Frisco’s entertainment complex at the Dallas Cowboys’ headquarters, The Star, exudes all the glitz one expects from a Jerry Jones-adjacent operation. One boutique, for instance, sells a kid-size sparkly blue Ford F-150 emblazoned with a silver star for $15,000. But Zaytinya, the Mediterranean restaurant from chef José Andrés, shines in a different way.
Andrés, a Spaniard who’s credited with bringing the concept of small plates to the United States, might as well be an honorary Texan. He shopped for groceries and organized professional chefs to cook thousands of meals to feed Hurricane Harvey victims through his nonprofit World Central Kitchen, which provides support and supplies to areas struck by natural disasters across the globe. Because of his efforts in Houston and post-Hurricane Maria Puerto Rico, Andrés has been nominated for a 2019 Nobel Peace Prize. But his hands-on work to help the hungry hasn’t slowed the growth of his restaurant empire.
Zaytinya Frisco, which opened in February, is the 29th restaurant from ThinkFoodGroup, Andrés’ international hospitality company, and is the second Zaytinya location after the original in D.C., which opened in 2002. That he’d select a suburb of Dallas before more cosmopolitan locations like Los Angeles or Las Vegas seemed curious, but Andrés says it was an easy choice.
“We wanted to try the concept in a different place than we’ve been before. This is a growing area, and we appreciate the brand-new-world feel about Frisco,” he says, adding, “This is not a one-year investment. We are looking down the road; we know this will be one of the hottest areas in time.”
Indeed, Frisco is now the fastest-growing city in the U.S., according to recent census bureau numbers, and nearly two dozen restaurants opened in just under a year at The Star. Zaytinya fits into the overall dining zeitgeist, too, as its Greek, Turkish, and Lebanese dishes are perfect for grazing and sharing.
On a Friday evening, the space is abuzz with happy couples, groups, and a few families filling tables, as well as pillow-strewn banquettes and booths. By 7 p.m., nearly all the seating throughout the airy, expansive space—the restaurant and lounge can accommodate 250—is taken. The modern design features whitewashed walls and a series of curved ceiling elements shadowed by blue light, bringing to mind colors of the Greek isles. Pendant light fixtures add to the contemporary feel, while a wood-fired oven delivers both literal and figurative warmth to the tableau. Details matter, too: Dishes in lovely blue-and-white designs come from Kütahya Porselen in Turkey, and pre-dinner aperitifs arrive on ornately patterned silver trays.
Noteworthy among the drinks is the Turkish Pickleback. A trio of glasses hold the traditional serving of chilled raki, a clear brandy pungent with anise; a single square cube of ice; and magenta-hued pickled turnip juice, the perfect sour foil for the herbaceous and sharp raki. A sip of raki, mixed with a sip of the bright pink juice, swirled over the ice, prepares the palate for a series of savory flavors to follow.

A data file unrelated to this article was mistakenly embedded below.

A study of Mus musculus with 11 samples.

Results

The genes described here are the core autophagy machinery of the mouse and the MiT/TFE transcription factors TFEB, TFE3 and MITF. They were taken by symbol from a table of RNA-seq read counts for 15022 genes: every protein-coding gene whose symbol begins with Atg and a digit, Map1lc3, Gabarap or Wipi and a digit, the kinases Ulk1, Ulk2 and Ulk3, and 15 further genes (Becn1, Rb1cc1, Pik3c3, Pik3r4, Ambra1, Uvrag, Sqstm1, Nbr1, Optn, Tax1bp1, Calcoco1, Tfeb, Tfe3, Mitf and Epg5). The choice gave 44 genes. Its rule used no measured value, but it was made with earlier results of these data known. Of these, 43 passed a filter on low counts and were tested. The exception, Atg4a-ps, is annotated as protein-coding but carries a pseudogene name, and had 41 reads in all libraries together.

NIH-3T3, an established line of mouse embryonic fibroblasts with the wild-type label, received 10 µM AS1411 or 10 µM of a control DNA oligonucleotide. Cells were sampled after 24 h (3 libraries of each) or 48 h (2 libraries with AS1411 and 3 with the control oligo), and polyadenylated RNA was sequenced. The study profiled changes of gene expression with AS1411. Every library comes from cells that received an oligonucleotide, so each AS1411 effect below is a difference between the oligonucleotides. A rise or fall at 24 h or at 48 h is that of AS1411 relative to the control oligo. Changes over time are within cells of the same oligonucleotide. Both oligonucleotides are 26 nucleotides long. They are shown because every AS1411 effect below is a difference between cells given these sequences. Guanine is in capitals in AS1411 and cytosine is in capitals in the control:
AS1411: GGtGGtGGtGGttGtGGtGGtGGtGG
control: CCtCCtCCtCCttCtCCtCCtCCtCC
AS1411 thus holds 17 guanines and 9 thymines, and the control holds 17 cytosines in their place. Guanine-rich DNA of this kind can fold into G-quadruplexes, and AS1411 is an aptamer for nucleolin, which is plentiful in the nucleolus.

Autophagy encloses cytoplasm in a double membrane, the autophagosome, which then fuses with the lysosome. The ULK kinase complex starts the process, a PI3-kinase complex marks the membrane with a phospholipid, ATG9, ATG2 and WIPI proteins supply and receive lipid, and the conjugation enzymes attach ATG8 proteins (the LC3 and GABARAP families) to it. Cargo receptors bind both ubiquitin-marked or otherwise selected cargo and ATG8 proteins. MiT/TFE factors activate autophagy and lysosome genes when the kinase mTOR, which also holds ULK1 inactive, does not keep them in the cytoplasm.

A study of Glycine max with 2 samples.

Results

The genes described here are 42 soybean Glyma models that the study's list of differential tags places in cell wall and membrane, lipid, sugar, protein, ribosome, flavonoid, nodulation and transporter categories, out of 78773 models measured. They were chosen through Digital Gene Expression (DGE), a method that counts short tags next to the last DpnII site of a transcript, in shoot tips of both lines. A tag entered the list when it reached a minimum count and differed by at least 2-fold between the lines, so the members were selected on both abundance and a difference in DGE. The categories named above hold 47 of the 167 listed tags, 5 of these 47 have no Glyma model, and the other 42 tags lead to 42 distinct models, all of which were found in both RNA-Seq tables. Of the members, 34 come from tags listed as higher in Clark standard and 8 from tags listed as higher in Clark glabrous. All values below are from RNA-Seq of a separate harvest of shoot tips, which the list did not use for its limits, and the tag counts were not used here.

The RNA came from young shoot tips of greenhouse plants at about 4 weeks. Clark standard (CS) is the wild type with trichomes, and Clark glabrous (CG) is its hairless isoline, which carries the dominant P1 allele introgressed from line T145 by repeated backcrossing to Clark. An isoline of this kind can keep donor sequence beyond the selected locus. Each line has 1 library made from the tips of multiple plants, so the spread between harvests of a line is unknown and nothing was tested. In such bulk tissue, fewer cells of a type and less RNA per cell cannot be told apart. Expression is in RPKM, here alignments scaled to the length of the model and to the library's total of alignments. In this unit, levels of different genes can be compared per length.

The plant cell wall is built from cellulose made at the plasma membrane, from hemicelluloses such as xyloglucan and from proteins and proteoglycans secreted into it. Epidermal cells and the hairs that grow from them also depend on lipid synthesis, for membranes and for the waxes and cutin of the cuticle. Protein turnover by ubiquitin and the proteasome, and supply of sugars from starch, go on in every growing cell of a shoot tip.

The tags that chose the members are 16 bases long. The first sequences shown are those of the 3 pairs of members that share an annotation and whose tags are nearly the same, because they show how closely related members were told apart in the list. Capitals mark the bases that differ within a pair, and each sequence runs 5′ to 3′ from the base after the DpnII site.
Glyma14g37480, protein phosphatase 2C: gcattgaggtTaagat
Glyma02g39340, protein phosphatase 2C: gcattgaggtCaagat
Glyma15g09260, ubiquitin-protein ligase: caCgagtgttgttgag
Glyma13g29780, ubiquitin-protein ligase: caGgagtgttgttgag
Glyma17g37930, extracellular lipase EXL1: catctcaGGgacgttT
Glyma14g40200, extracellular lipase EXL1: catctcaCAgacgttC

Diners accustomed to Greek food will easily find favorites, but items that originate in Turkey or Lebanon may be less familiar. In nearly every instance, dishes are easily split between fellow guests and hover around $15 for appetizers and $40-$90 for family-style entrées.
One standout appetizer is h’tipiti, a tart dip of bright red roasted peppers, mingled with crumbled feta and thyme, served with an oversized lavash chip broken into pieces for scooping. The Turkish-style pastirma features a salad of crunchy radish, sweet minced apricot, and mint to roll up inside paper-thin beef loin strips spiced with cumin and paprika. The satisfying vegetarian bantijan bil laban, with roots in Lebanon and Morocco, includes lightly battered and fried eggplant rounds served warm with creamy roasted garlic yogurt, crushed pistachios, barberries, and cardamom-dusted mint. The magnificent showpiece entrée is a spit-roasted lamb shoulder presented on a platter with lettuce leaves and cucumber tzatziki.
Though the menu is almost a duplicate of the D.C. original, Andrés entrusted Frisco-based executive chef Jon Thompson—a veteran of noted Dallas restaurants such as Stampede 66 and Samar—to create a few items particularly for his Texas audience. Among these are the wagyu kibbeh nayeh, a Lebanese-style beef tartare; and wood-grilled rib-eye steak, both of which utilize meat from Bar N Ranch in nearby Celina. “A large part of dish creation [here] depends on the local market and sourcing,” Thompson says. “When given the chance to create dishes for [this] location, I had the opportunity to incorporate Texas beef.” Such dishes suit Cowboys fans just fine.
With the culinary genius of Andrés at the helm, Zaytinya promises to deliver winning plates for years to come. And with the lure of a such a big fish in this expanding pond, Frisco promises to become a significant culinary destination—sooner rather than later.
Four Things to Do at The Star
- Take the VIP Guided Tour of the Dallas Cowboys World Corporate Headquarters, which includes access to the Ford Center, an indoor stadium; the War Room, where the Cowboys conduct their NFL draft; Nike Star Walk, following the team’s top 10 milestones, with a look at the team’s uniform evolution since 1960; and a Super Bowl memorabilia display. $27.50 for kids and seniors; $32.50 for adults.
- Stay at the 16-story Omni Frisco, decorated with photos and illustrations of star Cowboys players.
- Check out the Lucchese boutique, which features boots ranging from humble brown leather to knee-high ostrich.
- Work out at Cowboys Fit, a 60,000-square-foot gym that includes yoga, barre, cycling, and other fitness classes.